Robert Conquest's The Harvest of Sorrow helped to reveal to the West the true and staggering human cost of the Soviet regime in its deliberate starvation of millions of peasants and remains one of the most important works of Soviet history ever written.
More deaths resulted from the actions described in this book than from the whole of the First World War.
Epic in scope and rich in detail, The Harvest of Sorrow describes how millions of peasants in the USSR were dispossessed and deported as a result of the abolition of private property, and how millions in the newly established `collective' farms of the Ukraine and other regions were then deliberately starved to death through impossibly high quotas, the removal of all other sources of food and their isolation from outside help.
With the publication of this and his earlier book, The Great Terror, which revealed the truth about Stalin's political purges, Robert Conquest revealed to the West the staggering human cost of the Soviet regime.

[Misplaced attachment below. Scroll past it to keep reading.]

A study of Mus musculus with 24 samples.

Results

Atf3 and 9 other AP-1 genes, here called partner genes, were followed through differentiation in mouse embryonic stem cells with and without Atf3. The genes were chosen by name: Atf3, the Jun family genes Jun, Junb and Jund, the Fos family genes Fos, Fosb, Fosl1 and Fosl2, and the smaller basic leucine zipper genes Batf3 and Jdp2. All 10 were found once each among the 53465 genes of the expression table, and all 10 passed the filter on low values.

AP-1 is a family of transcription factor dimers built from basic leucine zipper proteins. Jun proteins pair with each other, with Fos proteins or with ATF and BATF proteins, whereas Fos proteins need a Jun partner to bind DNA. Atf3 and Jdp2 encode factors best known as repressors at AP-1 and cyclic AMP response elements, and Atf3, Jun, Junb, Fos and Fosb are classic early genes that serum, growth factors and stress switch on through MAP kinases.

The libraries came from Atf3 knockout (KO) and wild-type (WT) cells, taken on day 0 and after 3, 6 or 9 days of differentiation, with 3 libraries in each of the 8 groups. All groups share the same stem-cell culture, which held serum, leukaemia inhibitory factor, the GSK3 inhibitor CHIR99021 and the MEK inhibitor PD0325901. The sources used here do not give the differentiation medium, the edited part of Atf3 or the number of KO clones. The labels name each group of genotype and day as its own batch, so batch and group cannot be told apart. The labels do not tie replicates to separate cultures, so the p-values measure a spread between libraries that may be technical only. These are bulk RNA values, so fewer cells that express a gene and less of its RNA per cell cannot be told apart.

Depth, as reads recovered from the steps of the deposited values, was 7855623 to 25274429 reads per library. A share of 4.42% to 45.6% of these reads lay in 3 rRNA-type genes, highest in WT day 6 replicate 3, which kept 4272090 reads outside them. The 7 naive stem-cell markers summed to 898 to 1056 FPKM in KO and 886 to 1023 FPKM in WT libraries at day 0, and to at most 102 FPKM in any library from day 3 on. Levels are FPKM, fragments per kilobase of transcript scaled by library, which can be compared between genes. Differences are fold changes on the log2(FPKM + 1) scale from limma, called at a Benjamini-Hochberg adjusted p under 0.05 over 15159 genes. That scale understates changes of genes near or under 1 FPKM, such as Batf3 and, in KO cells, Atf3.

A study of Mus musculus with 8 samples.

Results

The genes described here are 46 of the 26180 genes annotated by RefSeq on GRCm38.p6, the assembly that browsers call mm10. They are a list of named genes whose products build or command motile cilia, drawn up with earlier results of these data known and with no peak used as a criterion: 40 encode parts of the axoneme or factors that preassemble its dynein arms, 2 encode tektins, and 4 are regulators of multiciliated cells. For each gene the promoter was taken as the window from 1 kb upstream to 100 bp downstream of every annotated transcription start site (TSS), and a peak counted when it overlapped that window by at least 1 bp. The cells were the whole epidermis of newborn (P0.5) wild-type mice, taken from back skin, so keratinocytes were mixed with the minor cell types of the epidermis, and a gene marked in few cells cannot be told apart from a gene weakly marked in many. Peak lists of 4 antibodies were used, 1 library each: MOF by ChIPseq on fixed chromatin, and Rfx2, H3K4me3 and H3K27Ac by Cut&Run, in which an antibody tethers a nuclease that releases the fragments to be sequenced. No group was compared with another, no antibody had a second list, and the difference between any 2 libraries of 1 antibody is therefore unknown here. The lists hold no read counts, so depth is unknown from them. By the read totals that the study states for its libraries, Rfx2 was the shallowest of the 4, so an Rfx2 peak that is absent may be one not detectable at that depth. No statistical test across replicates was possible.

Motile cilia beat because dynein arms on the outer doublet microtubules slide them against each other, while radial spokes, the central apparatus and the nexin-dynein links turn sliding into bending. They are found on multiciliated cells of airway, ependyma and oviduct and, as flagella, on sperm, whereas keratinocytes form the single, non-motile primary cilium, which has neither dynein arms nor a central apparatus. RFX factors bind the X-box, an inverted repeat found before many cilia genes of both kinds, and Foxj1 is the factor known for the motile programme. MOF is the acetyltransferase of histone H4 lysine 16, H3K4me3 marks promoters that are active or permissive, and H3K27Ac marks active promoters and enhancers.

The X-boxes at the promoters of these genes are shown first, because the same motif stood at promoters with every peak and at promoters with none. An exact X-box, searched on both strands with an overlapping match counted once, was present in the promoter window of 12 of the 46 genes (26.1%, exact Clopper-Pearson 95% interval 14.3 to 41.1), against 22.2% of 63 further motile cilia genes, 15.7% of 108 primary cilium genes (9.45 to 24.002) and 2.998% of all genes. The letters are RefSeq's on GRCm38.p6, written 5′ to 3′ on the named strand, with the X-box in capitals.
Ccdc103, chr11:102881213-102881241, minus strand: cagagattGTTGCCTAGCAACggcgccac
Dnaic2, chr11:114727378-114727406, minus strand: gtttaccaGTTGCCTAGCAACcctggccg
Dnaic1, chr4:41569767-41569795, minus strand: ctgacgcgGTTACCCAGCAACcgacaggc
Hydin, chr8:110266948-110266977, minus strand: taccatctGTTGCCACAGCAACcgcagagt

Robert Conquest (1917 - 2015) was one of the twentieth century's greatest historians of the Soviet Union. He came to international renown on publication of his ground-breaking history The Great Terror: Stalin's Purge of the Thirties in 1968, which revealed the true extent and nature Stalin's political executions and imprisonments. As well as holding academic posts at various universities, including the London School of Economics, Columbia University and Stanford University, he was an acclaimed poet, critic, novelist and translator.